So you’ve got a great business idea and can’t wait to build it, fail, and then build again, right?
Tempting as it may sound, building software shouldn’t be the first thing you do when you have a business idea.
The bigger risk? Whether you’re actually solving a problem people are willing to pay for, says Bland.
“You can spend a lot of money building something and releasing it without it solving a real need at all and flop,” says Bland. “Or you can just run a series of experiments along the way and understand if you’re on the right track before you place a big bet like that.”
New businesses are in a rush to build but need to slow down and learn first whether their idea is solving the right problem and whether anyone will pay for it. That’s the bigger business risk, says Bland.
To do that, run experiments. Don’t know where to start? Testing Business Ideas lists 44 of them with a rundown on cost and the strength of evidence each experiment provides.
The book is the manual you didn’t know you needed, says Zeitspace partner Jeff Fedor.
He has seen companies new and old get swept up in the excitement of building a new product or get wrapped up in trying to solve a problem in the dark.
“Product strategy is both harder work and less glamorous than it sounds, so it’s easy to just default to tactical work because it feels like you’re doing something even if you’re not sure you’re doing the right thing,” says Fedor.
“It’s emotionally hard and scary to test out your idea. What if someone doesn’t love your baby?”
Even worse, what if you bet $1-million that everyone will love your product without testing your idea and later find out it just won’t fly?
That’s what Bland wants new companies to avoid and that’s why he partnered with Osterwalder to write Testing Business Ideas.
They found that businesses kept leaning on the same experiments — surveys, landing pages, and customer interviews — but didn’t really know what other experiments they could run. Bland kept giving the same advice and decided to turn that advice into a book that became a “field guide” for companies looking to cut down their risk.
“I’ve worked on a product where we manually delivered something to a customer and then looked at that whole process and said, ‘You know what? If we built an app, it should do x, y, and z — not because we thought it would be cool, but because this is what our customers value in that experience,’ ” says Bland.
“So you can really do some interesting things in informing the product design by manually doing things and finding creative ways to generate evidence versus, ‘Wouldn’t it be cool if?’ ”
Test, learn, and act
Testing, like product design, is iterative: test, learn, tweak, act. That’s the cycle sweet spot, says Bland. Ideally, there shouldn’t be more than a week between learning and acting on it, he says.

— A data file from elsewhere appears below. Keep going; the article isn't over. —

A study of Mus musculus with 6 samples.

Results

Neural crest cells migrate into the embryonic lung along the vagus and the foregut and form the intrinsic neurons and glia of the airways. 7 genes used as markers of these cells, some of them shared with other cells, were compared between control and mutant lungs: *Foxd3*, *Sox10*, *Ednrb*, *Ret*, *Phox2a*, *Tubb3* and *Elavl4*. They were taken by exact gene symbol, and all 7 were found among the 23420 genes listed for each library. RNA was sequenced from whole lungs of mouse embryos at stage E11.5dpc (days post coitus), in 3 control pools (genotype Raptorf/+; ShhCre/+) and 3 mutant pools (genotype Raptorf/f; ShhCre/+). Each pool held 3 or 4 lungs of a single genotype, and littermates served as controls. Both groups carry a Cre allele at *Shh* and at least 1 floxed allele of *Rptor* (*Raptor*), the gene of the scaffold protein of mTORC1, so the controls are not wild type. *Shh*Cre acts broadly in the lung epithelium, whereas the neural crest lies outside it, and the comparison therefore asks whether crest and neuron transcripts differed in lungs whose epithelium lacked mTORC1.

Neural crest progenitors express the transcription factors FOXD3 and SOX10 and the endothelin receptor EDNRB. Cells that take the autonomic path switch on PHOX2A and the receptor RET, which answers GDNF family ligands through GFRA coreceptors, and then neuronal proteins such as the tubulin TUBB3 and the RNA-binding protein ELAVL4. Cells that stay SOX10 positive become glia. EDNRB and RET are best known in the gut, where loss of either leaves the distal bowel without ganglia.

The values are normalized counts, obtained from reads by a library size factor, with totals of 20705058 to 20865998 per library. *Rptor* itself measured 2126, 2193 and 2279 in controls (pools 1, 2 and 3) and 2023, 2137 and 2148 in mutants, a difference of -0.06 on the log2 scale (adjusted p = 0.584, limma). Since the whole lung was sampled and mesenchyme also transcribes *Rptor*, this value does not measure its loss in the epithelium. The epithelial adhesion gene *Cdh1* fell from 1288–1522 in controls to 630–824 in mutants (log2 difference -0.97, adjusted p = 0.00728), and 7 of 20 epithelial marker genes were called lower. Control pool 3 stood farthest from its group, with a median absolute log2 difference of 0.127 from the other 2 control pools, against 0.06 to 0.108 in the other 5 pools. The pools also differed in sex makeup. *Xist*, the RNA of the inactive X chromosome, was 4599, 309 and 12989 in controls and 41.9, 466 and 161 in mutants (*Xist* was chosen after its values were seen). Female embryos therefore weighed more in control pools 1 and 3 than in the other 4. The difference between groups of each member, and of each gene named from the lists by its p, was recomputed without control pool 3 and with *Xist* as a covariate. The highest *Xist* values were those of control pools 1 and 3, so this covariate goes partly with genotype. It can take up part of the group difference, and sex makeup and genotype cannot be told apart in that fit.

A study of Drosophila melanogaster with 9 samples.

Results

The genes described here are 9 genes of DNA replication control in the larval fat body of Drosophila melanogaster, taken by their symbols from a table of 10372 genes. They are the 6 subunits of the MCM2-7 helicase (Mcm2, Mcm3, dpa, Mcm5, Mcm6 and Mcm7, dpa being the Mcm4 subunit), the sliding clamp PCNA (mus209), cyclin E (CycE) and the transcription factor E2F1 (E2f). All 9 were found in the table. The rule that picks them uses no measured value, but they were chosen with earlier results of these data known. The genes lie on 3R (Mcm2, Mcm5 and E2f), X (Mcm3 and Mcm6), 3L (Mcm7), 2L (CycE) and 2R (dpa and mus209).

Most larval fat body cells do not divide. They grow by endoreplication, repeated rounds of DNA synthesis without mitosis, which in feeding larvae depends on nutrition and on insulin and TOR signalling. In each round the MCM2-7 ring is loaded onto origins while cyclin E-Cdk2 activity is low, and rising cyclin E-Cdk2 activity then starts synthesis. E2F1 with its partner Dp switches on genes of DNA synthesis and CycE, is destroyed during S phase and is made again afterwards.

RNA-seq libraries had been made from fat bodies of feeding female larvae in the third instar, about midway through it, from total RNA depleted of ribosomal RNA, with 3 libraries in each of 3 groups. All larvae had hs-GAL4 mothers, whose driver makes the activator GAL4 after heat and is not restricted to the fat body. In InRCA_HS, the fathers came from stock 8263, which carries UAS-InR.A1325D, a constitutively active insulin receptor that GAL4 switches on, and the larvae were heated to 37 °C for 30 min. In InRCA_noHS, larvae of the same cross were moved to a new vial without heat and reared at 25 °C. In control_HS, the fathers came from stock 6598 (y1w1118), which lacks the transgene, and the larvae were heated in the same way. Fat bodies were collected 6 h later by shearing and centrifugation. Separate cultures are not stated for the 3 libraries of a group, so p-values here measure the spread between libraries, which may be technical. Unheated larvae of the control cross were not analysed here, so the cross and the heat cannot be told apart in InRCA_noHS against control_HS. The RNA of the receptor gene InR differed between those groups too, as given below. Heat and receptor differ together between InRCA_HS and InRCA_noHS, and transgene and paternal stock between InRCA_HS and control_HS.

“It doesn’t have to be a huge bet on learning, but at least it makes it into the next experiment or it makes it into a small feature or there’s something that you can do with it. Because if that takes months, the market changes and what you’ve learned may become stale and no longer valid,” he says.
But too often companies get stuck in the learning cycle. They make space to run experiments, but don’t make that same space to analyze the results and act on them, says Bland. But learning, he points out, has an expiration date.
The book is really meant as a way to help businesses cut down their business risks, says Fedor, who has used parts of the book, such as the assumptions mapping exercise, with Zeitspace clients.
Fedor says any time you’re developing new features usually there are one or two things going on: You’ve read the books that say fail fast so want to build, fail, and try again, or you have a problem and you want to fix it.
“Those are two high risk scenarios but if you spend a week doing testing, you can significantly decrease your risk,” says Fedor.
But that’s not necessarily everyone’s happy place, he admits.
“I know myself as a founder when things got tough all I wanted was to go write code,” says Fedor. “The risk of doing the hard work is to find out nobody cares.”
Run experiments to move forward
You may be worried about bypassing the build fast, fail fast model for one that feels slower, but consider this: Testing your business idea could save you from spending big dollars on features that someone isn’t willing to pay for.
And you’re not really slowing down the process, points out Bland. The only thing you’re really slowing down is the rush to build.
Running experiments will also help move you forward, says Fedor, whether or not you validate your business idea.
Bland says too often he’s seen talent wasted on business ideas that no one cares about.
“All of us that evangelize this stuff have been burned in the past by building stuff that no one cares about over and over and over again. It’s almost like we ended up doing these things because we were just so frustrated by that loss of opportunity and wasting people’s talent,” says Bland.
“There’s a trend in everybody who’s really passionate about this and has personally experienced it in their career so we thought, ‘How do we address this problem?’ We can’t keep building products that way.”
Three ways to test your business idea:
1. Map your assumptions. Make the time to talk as a team about risk. "I would really love for people to have a conversation about where their risk is together versus putting their heads down and just building like this is all fact," says Bland.
2. Test before building. How do you ensure you’re solving a meaningful problem that people are willing to pay for? Take the time to test your idea “before you worry about what all the features of everything looks like,” says Bland.
3. Test, learn, act, then test again. Don’t just set aside time for testing, carve out time to analyze what you learned, apply that to the next experiment, and test again. “Learning has an expiration date,” says Bland.